Matt Thompson’s RJI research proposal
Five years ago, blogger Dave Winer and New York Times executive Martin Nisenholtz made a bet. “In a Google search of five keywords or phrases representing the top five news stories of 2007,” Winer wagered, “weblogs will rank higher than the New York Times Web site.”
But what fascinates me most about the site is its innovative, Web-native structure.
When it came time to judge the bet, blogs outranked the Times on four out of the five chosen stories, making Winer the winner. But the real news out of the bet was the site that trounced them both —Wikipedia.
In all that’s been written about Wikipedia, we tend to hear an emphasis on the same few details the stupefying economics of its army of unpaid volunteers; the amazing order that has arisen out of its chaotic, ad hoc editing processes; hand-wringing over whether the resource is essentially trustworthy or not. But what fascinates me most about the site is its innovative, Web-native structure. “Encyclopedia” is a useful shorthand for describing what Wikipedia aims to do, but that label fails to capture the full reality of what Wikipedia can do. As the New York Times noted last year, the Web site works astonishingly well as a hub for news. In fact, I think it points the way forward for what our news sites should become, and that is what I propose to explore and prototype in a fellowship at the Reynolds Institute.
Entries would be deeply and meaningfully interlinked to other entries
The online news sites of today remain hobbled by a framework inherited from their forbears. Almost every news site, whether affiliated with a radio outlet, a television station, a newspaper, or none of these, is structured around this one context — the most recent mix of interesting stories selected by editors. Yet users, especially those of geographically focused news sites, approach these sites with a dizzying variety of contexts in mind. What’s happening to my neighborhood? Who won last night’s game? How do I identify and contact my congressional representatives? What’s traffic like on the way to work? Who should I call to fix my faucet? In many of today’s online newsrooms, copious energy is expended addressing each of these contexts, usually one by one in near isolation.
To paint a broad picture: Imagine if the work of the hundreds of reporters dispatched daily to cover a city didn’t merely fade into an obscure archive, but added day after day to the work that came before it. An online news site in the era of Wikipedia would be a living archive, adaptable to suit any context, growing to encompass all aspects of life in a community. Entries would be deeply and meaningfully interlinked to other entries, elegantly situating every news event in multiple larger contexts. The “latest news” on the site could be a kind of changelog, reflecting new additions or edits in the system. The site would be a news commons atop which other narrative presentations of the news — stories, blogs, videos, games — could sit.
Workflow and organization: At the Star Tribune, I was the leader of a project to develop an internal taxonomy to categorize all the organization’s content and advertising. So I have a head start in thinking about how I would organize and populate a site that aimed to be the comprehensive information source for a region.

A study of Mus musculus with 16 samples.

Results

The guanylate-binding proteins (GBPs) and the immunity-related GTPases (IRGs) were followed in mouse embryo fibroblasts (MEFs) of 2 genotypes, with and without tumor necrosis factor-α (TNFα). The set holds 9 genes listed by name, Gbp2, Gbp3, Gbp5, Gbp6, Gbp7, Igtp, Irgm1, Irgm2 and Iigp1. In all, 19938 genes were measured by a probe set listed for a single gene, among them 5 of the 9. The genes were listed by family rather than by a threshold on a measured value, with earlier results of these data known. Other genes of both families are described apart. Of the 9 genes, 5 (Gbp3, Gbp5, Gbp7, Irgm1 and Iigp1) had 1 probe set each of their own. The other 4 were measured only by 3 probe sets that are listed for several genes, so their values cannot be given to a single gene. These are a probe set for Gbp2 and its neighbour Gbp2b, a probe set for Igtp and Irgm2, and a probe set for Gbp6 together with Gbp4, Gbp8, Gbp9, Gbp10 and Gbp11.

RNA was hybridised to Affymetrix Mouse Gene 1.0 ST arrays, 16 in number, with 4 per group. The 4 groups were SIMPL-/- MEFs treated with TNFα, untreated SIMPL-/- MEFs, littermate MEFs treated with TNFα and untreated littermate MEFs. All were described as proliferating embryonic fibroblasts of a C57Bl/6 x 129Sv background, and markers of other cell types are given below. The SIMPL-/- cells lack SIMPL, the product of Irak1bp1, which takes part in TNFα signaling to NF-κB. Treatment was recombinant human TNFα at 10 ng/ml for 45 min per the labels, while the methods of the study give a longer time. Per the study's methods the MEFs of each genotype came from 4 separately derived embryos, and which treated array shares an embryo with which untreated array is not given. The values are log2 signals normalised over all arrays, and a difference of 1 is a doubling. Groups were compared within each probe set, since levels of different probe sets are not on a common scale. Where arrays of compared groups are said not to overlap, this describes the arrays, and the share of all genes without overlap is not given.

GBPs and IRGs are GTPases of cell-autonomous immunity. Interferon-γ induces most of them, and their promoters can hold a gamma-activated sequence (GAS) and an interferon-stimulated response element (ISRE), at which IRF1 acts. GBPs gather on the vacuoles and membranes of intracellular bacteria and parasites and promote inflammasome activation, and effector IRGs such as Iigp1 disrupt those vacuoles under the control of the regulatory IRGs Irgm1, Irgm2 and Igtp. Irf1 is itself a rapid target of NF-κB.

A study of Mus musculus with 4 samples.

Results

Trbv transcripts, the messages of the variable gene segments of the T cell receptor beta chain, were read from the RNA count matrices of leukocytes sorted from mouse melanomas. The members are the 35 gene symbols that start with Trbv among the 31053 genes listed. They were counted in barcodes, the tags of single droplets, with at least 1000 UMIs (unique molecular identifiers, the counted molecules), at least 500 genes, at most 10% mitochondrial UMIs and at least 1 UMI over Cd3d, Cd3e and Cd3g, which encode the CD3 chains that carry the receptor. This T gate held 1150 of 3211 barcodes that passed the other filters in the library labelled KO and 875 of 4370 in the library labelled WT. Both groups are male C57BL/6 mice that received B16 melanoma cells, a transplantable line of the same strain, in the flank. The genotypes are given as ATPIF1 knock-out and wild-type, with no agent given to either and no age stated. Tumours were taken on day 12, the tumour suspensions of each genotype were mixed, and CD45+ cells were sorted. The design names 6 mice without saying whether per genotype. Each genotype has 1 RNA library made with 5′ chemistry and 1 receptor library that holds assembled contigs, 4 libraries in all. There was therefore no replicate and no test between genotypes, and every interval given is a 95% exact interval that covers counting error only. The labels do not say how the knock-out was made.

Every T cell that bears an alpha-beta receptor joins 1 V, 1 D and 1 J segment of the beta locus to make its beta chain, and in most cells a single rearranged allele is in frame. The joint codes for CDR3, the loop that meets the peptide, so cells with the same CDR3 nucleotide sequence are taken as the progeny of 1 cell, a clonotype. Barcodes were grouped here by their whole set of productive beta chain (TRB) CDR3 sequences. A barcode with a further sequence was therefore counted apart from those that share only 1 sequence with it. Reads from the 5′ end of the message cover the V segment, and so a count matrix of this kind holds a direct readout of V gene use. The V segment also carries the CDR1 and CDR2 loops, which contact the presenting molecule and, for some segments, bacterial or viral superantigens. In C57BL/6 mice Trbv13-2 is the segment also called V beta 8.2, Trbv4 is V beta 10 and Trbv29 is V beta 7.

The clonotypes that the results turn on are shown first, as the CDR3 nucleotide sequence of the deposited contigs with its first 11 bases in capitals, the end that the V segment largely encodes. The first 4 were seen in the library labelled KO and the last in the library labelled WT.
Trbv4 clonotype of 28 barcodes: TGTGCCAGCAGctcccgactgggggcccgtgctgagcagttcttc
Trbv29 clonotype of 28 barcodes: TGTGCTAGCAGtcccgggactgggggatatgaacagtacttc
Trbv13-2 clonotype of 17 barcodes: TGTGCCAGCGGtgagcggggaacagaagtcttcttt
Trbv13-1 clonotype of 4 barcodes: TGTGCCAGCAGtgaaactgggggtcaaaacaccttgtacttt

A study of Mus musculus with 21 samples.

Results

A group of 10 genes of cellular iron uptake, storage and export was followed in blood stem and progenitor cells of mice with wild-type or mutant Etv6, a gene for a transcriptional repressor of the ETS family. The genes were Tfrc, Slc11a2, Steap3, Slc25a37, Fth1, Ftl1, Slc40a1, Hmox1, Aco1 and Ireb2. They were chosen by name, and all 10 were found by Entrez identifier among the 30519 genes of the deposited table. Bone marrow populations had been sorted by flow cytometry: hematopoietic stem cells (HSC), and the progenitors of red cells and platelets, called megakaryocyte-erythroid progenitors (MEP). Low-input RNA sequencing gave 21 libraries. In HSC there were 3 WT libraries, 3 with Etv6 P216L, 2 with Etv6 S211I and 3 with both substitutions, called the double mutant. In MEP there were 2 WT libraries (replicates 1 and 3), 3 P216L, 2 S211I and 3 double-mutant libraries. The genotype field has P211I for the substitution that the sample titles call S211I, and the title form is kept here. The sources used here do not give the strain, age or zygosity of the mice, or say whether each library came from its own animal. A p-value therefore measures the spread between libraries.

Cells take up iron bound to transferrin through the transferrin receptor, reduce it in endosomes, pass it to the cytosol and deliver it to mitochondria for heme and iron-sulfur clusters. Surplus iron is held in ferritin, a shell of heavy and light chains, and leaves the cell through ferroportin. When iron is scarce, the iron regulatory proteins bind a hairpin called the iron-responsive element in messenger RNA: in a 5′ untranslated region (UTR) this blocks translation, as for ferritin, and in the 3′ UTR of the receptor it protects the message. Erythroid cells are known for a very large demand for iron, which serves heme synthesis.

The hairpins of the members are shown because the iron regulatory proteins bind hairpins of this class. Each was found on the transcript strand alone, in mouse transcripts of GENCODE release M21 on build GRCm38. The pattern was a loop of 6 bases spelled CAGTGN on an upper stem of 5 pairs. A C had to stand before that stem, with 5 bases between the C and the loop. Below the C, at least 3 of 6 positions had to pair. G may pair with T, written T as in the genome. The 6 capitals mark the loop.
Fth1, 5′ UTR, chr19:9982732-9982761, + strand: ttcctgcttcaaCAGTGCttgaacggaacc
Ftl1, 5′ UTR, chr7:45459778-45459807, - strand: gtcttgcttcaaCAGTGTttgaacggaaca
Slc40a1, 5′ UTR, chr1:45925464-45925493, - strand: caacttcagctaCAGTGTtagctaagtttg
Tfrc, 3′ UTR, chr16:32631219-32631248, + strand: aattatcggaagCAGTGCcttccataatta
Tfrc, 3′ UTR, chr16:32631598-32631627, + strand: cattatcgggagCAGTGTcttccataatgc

Presentation: One of the deliverables I would intend to create as part of this fellowship is a prototype of the news site in action, ideally in partnership with students or faculty from the university’s visual journalism program. I’d also explore how such a site could adapt to the increasingly distributed nature of the Web, where information exists not only in Web browsers, but also in RSS readers, mobile phones, "widgets" embedded in other Web sites, and elsewhere.
Social experience and user interaction: The largest project I have helmed during my time at the Star Tribune has been the creation of the award-winning arts-and-entertainment website Vita.mn, which boasts a staff of about 1.5 — a full-time designer and my part-time duties as editor. The vast majority of the content on the site is created by users. I’ve seen first-hand the power of user contributions as well as the difficulties they present. Given that the pool of potential contributors to a website with a local focus is an order of magnitude smaller than that of Wikipedia, the model for user contributions must be examined. My suspicion is that the minimally directed nature of collaboration on Wikipedia would take a much longer time to replicate on a local scale.
Business model: Several possibilities exist for creating and sustaining such a site, and each presents different advantages and challenges. Enumerating and investigating these possibilities will increase the magnitude of the project’s impact.
Storytelling and journalism standards: What does a corrections policy look like on a site that is always changing? How does Wikipedia’s “Neutral Point of View” model align with traditional notions of journalistic objectivity, and is either model appropriate for such a site? How might the site incorporate or interact with the increasing range of storytelling techniques available to us?
Existing models: Several examples exist of geographically focused sites clearly inspired by the Wikipedia model. What can we learn from these efforts?
As well as a prototype illustrating a prospective news site structured according to this model, I would use my time at the Institute to produce a manuscript elucidating my findings. The document would serve as a roadmap for companies or communities seeking to make the idea a reality.
Journalism faces plenty of pressing questions, and I have an interest in many of them. But this question of what the next-generation news website looks like is one of the most pressing, and more than ample to capture my attention for a year. I would savor the opportunity to partner with you in pursuit of an answer.